Former U.S. Congressman Jeff Landry talks about his career after Congress, and what political activities he's been up to since exiting the U.S. House
Jim talks with Republican consultant Scott Wilfong, and Democratic consultant Trey Ourso, about Governor Bobby Jindal's statewide tour and recent statements by Mr. Jindal that the GOP "needs to stop bed-wetting" and "kick around the other guys".
John Kaufman, with the Manship Theatre, discusses the Flamenco Rouge performance tonight. Performers Lena and Chris Jacome join in.
The city of Lafayette has launched its eat local campaign. EatLafayette is in its ninth year of promoting the mom-and-pop restaurants that have put Lafayette on the map as a foodie town. Ben Berthelot, executive director of the Lafayette Convention and Visitors Commission, has found that over the years more and more local restaurants have pulled together for this campaign.
“We went from 19 restaurants in a two-week campaign nine years ago, to this year we have basically a three-month campaign and 73 restaurants participating," Berthelot said.
Originally published on Wed August 7, 2013 8:42 am
Commentator Gary Joiner revisits Operation Barbarossa, the code name for Germany's invasion of the Soviet Union during World War II. Seventy-two years ago this week, Adolf Hitler formalized the greatest mistake of his march to world domination.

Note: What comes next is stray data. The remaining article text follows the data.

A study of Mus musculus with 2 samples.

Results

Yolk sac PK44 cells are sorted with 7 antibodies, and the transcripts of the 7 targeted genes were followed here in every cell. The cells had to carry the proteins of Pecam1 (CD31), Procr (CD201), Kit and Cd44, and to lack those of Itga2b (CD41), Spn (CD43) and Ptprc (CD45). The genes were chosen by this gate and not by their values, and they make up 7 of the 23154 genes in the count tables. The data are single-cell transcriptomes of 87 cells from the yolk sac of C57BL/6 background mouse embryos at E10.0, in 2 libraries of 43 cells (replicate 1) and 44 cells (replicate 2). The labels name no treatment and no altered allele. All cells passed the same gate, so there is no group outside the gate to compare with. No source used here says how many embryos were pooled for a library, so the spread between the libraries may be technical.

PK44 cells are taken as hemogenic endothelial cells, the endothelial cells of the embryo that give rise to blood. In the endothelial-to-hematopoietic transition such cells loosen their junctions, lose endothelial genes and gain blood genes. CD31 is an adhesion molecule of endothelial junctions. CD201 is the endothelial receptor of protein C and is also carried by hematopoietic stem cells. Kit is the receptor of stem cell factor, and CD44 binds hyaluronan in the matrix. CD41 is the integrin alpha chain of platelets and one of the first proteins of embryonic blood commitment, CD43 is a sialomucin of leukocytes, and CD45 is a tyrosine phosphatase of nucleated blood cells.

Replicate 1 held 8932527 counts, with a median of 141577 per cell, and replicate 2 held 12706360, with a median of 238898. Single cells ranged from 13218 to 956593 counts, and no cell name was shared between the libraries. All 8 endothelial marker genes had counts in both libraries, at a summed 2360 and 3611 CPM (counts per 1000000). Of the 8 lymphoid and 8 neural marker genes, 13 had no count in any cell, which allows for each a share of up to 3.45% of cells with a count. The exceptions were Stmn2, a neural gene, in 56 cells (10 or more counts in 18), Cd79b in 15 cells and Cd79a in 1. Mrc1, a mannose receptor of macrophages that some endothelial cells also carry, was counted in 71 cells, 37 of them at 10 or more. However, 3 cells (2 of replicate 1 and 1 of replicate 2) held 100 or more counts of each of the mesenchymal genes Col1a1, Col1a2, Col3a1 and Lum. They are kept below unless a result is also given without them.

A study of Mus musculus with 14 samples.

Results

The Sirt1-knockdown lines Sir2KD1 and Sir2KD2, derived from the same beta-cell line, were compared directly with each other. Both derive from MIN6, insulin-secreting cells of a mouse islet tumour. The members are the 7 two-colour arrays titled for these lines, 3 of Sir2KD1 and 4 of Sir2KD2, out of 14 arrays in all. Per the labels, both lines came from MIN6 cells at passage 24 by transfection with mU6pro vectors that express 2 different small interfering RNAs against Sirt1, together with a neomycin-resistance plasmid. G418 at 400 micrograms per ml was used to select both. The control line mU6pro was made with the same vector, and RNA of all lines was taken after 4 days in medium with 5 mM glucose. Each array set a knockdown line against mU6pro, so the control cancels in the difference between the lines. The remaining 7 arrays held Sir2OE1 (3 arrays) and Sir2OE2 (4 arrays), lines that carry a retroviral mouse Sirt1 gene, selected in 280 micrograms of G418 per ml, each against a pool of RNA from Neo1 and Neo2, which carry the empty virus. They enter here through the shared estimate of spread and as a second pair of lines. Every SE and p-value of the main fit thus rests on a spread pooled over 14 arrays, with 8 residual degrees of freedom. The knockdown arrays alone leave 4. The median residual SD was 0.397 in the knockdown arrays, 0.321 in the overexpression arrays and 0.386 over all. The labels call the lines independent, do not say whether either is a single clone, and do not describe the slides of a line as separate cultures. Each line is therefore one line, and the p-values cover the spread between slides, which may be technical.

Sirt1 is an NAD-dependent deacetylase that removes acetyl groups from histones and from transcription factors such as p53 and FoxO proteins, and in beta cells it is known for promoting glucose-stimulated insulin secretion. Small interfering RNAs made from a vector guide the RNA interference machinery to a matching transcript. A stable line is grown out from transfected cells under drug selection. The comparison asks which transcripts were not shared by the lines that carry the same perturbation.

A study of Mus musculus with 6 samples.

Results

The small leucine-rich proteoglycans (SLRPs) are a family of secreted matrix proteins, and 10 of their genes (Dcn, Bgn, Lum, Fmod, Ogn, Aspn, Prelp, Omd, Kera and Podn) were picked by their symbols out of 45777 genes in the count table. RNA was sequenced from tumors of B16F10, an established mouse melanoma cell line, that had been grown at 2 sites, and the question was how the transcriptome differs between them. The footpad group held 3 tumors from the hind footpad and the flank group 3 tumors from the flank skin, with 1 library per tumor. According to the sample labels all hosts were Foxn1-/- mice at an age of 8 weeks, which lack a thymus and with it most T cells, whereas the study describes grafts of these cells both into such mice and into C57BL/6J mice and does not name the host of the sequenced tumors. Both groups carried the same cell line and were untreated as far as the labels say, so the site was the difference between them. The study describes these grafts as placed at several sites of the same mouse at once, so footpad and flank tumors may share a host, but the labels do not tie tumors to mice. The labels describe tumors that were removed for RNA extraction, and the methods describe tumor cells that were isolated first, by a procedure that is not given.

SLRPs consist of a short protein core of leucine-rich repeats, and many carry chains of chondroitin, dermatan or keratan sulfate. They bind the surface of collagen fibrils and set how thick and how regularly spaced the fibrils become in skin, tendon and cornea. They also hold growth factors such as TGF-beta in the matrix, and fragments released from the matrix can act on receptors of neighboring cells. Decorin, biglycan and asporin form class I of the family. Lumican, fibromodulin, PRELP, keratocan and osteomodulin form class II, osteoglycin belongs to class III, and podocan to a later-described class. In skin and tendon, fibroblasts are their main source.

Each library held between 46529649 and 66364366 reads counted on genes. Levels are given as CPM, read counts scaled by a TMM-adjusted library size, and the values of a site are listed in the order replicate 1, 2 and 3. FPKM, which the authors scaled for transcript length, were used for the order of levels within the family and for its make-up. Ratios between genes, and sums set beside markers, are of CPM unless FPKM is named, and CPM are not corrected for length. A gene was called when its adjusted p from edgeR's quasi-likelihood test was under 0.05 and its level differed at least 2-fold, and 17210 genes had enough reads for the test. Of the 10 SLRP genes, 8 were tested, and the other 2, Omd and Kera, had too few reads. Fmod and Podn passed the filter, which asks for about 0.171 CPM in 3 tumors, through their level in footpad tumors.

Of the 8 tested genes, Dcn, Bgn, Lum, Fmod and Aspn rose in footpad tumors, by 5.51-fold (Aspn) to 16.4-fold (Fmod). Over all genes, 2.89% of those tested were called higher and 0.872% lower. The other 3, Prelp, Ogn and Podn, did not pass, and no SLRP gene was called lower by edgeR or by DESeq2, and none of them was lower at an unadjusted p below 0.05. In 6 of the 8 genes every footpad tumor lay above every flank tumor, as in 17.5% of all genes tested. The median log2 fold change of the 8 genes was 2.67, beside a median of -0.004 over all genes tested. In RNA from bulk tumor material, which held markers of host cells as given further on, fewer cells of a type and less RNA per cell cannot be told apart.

State Supt. John White wants to reallocate $2 million from a state education trust fund to pilot the “Course Choice” program. The program will let students take individual classes elsewhere if their public school is underperforming or doesn’t offer the course they want. The state’s top school board will consider the alternative funding request Tuesday.
Restoration projects are under way at Shreveport’s oldest municipal cemetery. A ceremony was held Friday to recognize the work to be done on roads and walkways in Oakland Cemetery made possible by a $279,000 bond issue approved by voters in 2011. The dollars won’t cover all the work that needs to be done on the cemetery that dates back to 1847.
Shreveport mayor Cedric Glover recalls first visiting Oakland on a field trip at age 14. He said many city administrations have wanted to do capital projects, but it’s never been the most pressing priority.
The Baton Rouge paper had been nursing its 1950s era letterpresses for years when it finally had to bite the bullet and invest in a new production facility. The speedy offset press came online in 2006, just as the country headed into a recession and the newspaper industry was tanking.
So when John Georges closed the deal to buy The Advocate in May, it came with one of the newest printing presses in the country.